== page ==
This saddle has been specially designed for military use, and the fact that it is extensively used by H.M War Office is ample proof that it possesses points of special merit. The framing is of BROOKS popular four-wire type, giving great strength, lightness and elasticity. All materials are of the finest quality and all metal parts are bronzed.
– 1914 Brooks catalogue
Since the British government started approving various military bicycle patterns in 1901, there was a need for military cycle accessories, and Brooks were well-placed to capitalise on the increased demand. They already made gun clips for sporting rifles as well as a variety of leather bags for mounting on a bicycle. Special orders from government departments were valuable to accessory companies. War Office contracts were particularly sought-after because, as well as the order itself, a company would be able to mention it in their advertising material. This invariably resulted in further orders from foreign governments, and in particular those of the British Colonies.
The Brooks Military Saddle was specified for various companies’ Military Model bicycles, including Sunbeam and the War Office approved Mk IV pattern bicycle.
With the outbreak of war, cycle manufacturers had to work overtime to supply enough machines. They were hampered by staff enlistment as well as having to turn over factory space and equipment for diverse war production. With increased enlistment and formation of new volunteer cyclist battalions, there was invariably a shortage of military bicycles and accessories, a shortfall taken up easily by civilian machines and accessories.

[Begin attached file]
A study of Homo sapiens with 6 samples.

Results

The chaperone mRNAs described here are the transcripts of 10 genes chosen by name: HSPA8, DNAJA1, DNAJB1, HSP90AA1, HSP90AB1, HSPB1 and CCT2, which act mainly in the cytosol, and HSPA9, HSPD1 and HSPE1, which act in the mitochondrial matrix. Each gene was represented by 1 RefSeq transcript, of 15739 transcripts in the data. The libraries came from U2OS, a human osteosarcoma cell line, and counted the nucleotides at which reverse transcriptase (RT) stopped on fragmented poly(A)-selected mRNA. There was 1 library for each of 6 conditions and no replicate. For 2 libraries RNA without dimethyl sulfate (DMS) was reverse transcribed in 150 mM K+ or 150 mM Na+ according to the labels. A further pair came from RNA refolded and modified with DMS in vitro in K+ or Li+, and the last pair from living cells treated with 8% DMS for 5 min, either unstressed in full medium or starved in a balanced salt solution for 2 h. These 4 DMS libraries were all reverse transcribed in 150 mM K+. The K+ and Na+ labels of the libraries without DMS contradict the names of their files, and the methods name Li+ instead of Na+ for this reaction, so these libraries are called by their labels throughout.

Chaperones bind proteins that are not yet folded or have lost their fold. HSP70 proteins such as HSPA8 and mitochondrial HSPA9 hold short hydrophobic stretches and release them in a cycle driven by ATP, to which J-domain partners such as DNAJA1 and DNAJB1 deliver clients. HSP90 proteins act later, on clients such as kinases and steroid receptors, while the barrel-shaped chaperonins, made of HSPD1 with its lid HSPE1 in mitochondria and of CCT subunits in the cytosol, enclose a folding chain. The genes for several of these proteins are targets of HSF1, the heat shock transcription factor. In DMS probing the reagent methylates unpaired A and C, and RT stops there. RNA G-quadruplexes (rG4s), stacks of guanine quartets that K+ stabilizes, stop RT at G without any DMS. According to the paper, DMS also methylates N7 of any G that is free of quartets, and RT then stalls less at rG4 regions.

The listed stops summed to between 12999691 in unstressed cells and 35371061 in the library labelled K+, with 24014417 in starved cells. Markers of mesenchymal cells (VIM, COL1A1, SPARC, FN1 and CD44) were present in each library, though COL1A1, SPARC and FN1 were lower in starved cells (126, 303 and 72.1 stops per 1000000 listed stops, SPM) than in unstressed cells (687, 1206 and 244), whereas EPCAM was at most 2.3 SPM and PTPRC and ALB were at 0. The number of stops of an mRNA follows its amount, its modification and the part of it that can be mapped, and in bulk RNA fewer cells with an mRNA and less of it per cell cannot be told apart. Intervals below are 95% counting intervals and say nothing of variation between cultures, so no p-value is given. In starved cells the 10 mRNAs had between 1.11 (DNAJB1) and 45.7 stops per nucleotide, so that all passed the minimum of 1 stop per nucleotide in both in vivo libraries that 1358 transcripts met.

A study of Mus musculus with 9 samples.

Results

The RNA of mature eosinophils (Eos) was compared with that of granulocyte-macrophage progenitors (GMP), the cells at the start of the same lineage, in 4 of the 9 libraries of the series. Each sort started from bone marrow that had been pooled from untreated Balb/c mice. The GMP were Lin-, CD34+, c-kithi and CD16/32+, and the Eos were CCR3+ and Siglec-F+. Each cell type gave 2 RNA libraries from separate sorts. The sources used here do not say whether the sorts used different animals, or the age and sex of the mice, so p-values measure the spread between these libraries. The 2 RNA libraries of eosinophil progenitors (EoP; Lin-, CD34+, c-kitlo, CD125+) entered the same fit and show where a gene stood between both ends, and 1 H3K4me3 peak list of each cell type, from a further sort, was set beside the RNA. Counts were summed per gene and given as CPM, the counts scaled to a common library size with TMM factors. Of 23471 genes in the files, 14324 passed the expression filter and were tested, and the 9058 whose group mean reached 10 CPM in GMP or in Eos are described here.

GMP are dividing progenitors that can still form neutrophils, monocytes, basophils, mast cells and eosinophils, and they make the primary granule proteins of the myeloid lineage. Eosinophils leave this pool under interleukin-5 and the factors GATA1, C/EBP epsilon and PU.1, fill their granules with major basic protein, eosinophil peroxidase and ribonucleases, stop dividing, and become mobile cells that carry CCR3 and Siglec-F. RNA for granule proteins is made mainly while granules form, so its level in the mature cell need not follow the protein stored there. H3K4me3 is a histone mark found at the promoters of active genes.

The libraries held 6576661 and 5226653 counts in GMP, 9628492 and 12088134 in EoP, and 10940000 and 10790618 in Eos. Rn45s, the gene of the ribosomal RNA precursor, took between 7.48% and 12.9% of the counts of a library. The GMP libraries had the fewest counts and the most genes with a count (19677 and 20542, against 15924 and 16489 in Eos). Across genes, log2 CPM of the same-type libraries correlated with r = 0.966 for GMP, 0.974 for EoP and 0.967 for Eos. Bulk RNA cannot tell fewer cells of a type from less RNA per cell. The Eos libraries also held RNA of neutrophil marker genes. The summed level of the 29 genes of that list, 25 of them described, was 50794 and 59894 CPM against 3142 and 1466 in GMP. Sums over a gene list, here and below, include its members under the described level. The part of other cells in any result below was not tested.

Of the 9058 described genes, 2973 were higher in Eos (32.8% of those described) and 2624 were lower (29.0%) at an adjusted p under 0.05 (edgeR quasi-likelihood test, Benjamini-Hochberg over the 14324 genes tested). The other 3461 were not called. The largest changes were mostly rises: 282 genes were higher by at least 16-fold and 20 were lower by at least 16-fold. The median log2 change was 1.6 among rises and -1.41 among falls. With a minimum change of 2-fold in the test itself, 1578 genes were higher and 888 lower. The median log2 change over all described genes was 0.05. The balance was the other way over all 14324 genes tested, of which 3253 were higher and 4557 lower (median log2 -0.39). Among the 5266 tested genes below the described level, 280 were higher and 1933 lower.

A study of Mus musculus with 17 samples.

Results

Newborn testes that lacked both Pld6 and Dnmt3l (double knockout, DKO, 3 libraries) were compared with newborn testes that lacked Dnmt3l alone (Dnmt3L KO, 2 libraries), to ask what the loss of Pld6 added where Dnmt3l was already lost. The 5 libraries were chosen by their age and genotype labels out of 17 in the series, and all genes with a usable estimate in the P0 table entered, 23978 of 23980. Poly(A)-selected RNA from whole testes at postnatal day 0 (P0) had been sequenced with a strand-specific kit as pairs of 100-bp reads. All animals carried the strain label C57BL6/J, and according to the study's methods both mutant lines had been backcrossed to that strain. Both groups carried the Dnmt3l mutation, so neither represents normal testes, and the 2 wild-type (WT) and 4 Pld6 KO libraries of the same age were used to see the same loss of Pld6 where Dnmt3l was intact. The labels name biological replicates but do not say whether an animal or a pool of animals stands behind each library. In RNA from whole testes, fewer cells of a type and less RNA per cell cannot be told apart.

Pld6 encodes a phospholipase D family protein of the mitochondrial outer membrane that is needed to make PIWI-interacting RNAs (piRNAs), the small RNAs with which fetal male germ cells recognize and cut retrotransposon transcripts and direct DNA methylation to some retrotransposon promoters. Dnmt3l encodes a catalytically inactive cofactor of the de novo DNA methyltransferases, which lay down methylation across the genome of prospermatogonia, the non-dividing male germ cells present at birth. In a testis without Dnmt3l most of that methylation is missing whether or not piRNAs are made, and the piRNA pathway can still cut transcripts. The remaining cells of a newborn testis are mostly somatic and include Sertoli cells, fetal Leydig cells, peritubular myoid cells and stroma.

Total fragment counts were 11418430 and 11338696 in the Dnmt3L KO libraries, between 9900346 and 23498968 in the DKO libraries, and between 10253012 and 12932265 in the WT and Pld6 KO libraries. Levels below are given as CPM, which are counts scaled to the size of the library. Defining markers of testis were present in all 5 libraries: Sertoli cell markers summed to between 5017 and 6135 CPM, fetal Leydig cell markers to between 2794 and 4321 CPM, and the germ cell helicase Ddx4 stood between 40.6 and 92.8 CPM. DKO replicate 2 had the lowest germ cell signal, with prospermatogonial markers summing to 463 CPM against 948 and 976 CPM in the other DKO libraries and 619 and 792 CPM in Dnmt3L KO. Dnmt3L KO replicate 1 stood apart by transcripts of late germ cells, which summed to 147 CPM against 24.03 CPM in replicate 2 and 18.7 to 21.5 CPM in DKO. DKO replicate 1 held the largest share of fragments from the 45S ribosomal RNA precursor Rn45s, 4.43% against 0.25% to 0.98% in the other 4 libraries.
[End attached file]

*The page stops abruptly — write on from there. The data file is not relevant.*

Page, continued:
1914 Brooks Military ‘No 3’ Saddle
As Adopted by H.M War Office
This is a particularly rare piece of WW1 military equipment. There was no official drive to repatriate military bicycles that had been used in Europe, the ‘disposable’ nature of a bicycle being a particularly useful aspect of its usage. Although volunteer cyclist battalion members who enlisted with their own bicycles might have been inspired to return home with them after service, the subsequent disbandment of most of those units and the high casualty rate meant that bicycles were obviously not a top priority. Despite an estimated 100,000 bicycles being used by British troops during the war, historians attached little importance to the fact, very few records exist and, indeed, the general population does not even know there is such a thing as a military bicycle. On top of that, even dedicated bicycle enthusiasts know little about military bicycle equipment.